The youngest daughter of Amasa Coleman Lee and Frances Cunningham Finch Lee, Nelle Harper Lee was born in Monroeville, Alabama (a small town in Monroe County between Montgomery and Mobile) on April 28, 1926. Lee was raised with two sisters, Alice and Louise, and a brother, Edwin Coleman Lee. Both her sisters are still living, but her brother died of a sudden cerebral hemorrhage in 1951.
Amasa Lee grew up in Florida and came to Monroe County in the early 1900s. He worked as a bookkeeper until 1915, when he passed the bar and began practicing law. Mr. Lee also served on the Alabama State Legislature from 1926 to 1938, and as editor of The Monroe Journal from 1929 to 1947.
Frances Finch was from a Virginia family who settled in Monroe County, Alabama, and founded the town of Finchburg. Miss Finch met Mr. Lee while he was working at the Flat Creek Mill Company in Finchburg; they married in 1912. The couple lived briefly in Florida, returning to live in Monroe County in 1913.
By all accounts, Harper Lee is friendly and gregarious with those she knows, but has always been an extremely private person, disclosing little about her life to the public. Consequently, most of the information available about Lee's childhood comes from friends and is largely anecdotal. Because the character of Scout is somewhat autobiographical, readers gain their best access to Lee's childhood — or at least the flavor of her childhood — within the pages of To Kill a Mockingbird.
In 1944, at the age of 18, Harper Lee enrolled in Huntingdon College in Montgomery, Alabama. From 1945 to 1949 she studied law at the University of Alabama. She transferred to Oxford University in England as an exchange student for a year, but six months before completing her studies, Lee decided to go to New York to be a writer.
While pursuing the career that would ultimately produce To Kill a Mockingbird, Lee worked briefly in the early 1950s as a reservations clerk for Eastern Airlines and BOAC (British Overseas Airways Corp.) in New York City. In 1957, she submitted a manuscript to the J. B. Lippincott Company, who felt that her attempt at a novel was actually more of a series of strung-together short stories. The publisher recommended a rewrite, so Lee spent the next two-and-a-half years working on the manuscript. Her efforts paid off, and To Kill a Mockingbird, her first and only novel, was published in 1960.
Many aspects of To Kill a Mockingbird are autobiographical. Monroeville served as the model for Maycomb, and Lee was dubbed "Queen of the Tomboys" by at least one friend; Lee gave all three of her mother's names to various characters in the novel. There is at least anecdotal evidence that Boo Radley was based on an actual neighbor. Finally, Lee has stated that Atticus Finch was based largely on her own father.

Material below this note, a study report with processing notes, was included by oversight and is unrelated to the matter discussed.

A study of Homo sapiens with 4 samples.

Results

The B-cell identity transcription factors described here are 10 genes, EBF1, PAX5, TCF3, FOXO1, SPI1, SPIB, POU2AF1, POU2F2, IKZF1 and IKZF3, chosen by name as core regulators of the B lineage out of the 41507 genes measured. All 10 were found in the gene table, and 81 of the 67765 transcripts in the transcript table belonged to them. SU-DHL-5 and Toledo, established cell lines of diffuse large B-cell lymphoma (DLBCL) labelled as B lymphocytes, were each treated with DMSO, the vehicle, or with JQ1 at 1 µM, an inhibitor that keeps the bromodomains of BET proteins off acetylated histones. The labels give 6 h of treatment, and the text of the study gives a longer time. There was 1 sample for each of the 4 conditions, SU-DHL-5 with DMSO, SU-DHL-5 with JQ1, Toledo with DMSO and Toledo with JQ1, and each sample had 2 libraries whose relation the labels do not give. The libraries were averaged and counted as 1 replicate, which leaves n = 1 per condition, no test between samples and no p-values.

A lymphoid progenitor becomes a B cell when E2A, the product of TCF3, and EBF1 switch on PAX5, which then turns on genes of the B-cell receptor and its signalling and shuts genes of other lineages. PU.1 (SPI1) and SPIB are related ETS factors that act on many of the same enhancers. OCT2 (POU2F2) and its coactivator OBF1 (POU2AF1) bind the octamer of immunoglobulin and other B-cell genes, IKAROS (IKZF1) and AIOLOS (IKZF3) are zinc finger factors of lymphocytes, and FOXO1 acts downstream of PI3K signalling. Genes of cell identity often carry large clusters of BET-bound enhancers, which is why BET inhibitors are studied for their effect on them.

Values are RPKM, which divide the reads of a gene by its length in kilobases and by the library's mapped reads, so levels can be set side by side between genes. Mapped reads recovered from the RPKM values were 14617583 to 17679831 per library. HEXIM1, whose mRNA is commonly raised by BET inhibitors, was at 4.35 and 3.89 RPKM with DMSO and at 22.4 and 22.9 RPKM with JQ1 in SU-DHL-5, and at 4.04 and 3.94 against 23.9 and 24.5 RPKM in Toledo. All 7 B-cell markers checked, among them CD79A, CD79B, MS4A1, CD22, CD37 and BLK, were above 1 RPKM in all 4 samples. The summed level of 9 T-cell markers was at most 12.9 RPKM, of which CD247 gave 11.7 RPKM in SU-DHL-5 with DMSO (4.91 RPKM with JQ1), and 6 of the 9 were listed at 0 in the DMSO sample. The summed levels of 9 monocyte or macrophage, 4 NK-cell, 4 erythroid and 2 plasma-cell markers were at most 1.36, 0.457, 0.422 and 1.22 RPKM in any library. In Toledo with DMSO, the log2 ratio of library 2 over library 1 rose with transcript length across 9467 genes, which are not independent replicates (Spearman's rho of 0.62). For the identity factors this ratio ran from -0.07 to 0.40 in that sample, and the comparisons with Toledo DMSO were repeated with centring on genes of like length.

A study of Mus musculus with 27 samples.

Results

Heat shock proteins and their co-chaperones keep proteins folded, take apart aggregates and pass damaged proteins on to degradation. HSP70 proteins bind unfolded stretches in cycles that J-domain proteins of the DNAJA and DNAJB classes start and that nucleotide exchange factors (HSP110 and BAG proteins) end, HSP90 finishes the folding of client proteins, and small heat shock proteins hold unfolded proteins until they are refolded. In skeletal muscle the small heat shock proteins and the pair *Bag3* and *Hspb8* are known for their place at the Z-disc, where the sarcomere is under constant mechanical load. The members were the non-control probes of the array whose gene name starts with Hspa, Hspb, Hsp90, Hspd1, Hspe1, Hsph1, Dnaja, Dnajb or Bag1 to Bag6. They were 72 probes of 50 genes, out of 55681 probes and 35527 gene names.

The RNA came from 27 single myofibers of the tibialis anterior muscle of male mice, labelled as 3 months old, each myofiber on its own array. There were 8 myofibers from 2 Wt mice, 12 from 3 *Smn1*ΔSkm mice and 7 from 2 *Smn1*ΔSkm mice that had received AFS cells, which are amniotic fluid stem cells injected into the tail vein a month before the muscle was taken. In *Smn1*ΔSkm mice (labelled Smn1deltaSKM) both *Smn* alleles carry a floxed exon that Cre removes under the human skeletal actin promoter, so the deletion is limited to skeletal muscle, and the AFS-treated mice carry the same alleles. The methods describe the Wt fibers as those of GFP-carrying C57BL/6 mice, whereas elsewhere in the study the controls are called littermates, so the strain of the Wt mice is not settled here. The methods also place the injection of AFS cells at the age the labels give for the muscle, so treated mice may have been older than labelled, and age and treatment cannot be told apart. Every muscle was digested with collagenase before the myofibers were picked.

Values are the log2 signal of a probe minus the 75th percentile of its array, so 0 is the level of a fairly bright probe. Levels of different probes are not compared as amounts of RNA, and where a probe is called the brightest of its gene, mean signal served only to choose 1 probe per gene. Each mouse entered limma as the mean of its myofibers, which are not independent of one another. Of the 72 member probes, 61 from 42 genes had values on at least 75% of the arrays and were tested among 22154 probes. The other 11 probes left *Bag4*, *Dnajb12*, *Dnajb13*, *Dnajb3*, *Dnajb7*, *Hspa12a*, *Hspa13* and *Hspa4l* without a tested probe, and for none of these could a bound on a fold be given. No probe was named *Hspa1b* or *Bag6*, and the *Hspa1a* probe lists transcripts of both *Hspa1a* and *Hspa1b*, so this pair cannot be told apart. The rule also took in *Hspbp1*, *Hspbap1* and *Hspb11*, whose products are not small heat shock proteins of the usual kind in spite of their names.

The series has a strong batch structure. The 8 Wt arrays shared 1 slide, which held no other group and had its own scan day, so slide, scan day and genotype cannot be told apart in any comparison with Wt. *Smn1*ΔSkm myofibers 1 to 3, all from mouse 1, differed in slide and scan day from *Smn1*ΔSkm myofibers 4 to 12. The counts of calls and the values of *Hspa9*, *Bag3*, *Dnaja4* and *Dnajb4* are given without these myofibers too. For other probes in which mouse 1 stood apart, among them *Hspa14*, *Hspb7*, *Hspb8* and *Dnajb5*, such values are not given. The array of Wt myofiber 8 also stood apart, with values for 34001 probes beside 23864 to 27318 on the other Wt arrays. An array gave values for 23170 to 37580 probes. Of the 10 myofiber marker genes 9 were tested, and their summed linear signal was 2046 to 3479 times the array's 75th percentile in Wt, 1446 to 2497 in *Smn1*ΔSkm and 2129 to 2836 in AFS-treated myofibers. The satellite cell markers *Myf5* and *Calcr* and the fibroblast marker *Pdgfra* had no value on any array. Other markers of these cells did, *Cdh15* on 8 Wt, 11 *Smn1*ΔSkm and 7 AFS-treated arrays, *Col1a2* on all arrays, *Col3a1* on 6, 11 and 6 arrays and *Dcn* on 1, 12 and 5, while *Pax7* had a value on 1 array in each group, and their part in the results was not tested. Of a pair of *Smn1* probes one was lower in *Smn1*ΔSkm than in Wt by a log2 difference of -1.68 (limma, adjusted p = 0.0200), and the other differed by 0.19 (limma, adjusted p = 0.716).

To Kill a Mockingbird was awarded the Pulitzer Prize in 1961, and was made into a major motion picture starring Gregory Peck in 1962. Lee was so impressed with Peck's portrayal of Atticus Finch that she gave him her father's pocket watch at the end of the movie's filming.
In the early 1960s, shortly after publication of To Kill a Mockingbird, Harper Lee accompanied her childhood friend Truman Capote — the basis for the Dill Harris character — to Holcomb, Kansas, and served as a research assistant for Capote's 1966 novel, In Cold Blood.
Lee also published three articles in the '60s: "Love — In Other Words" in Vogue (1961), "Christmas to Me" in McCall's (1961), and "When Children Discover America" in McCall's (1965). President Lyndon Johnson named Lee to the National Council of Arts in 1966. She has received several honorary doctorates, including one from the University of Alabama and another from Spring Hill College in Mobile, Alabama. She attended both ceremonies, but spoke at neither and gave no interviews.
In 1998, the Harper Lee Award for a Distinguished Alabama Writer was unveiled by the executive committee of the Alabama Writers' Forum. This award recognizes an accomplished writer who was born in the state or who lived in Alabama during his or her formative years.
Never married, Lee continues to divide her time between New York and Monroeville, where she lives with her sister Alice. Known for her wit and charm, Lee has granted only a handful of interviews since To Kill a Mockingbird's publication. Her family and friends remain protective of her privacy.
Many wonder why a writer of such talent would choose to write only one novel. When Lee's cousin, Richard Williams, posed that question to the author, her answer was "When you have a hit like that, you can't go anywhere but down."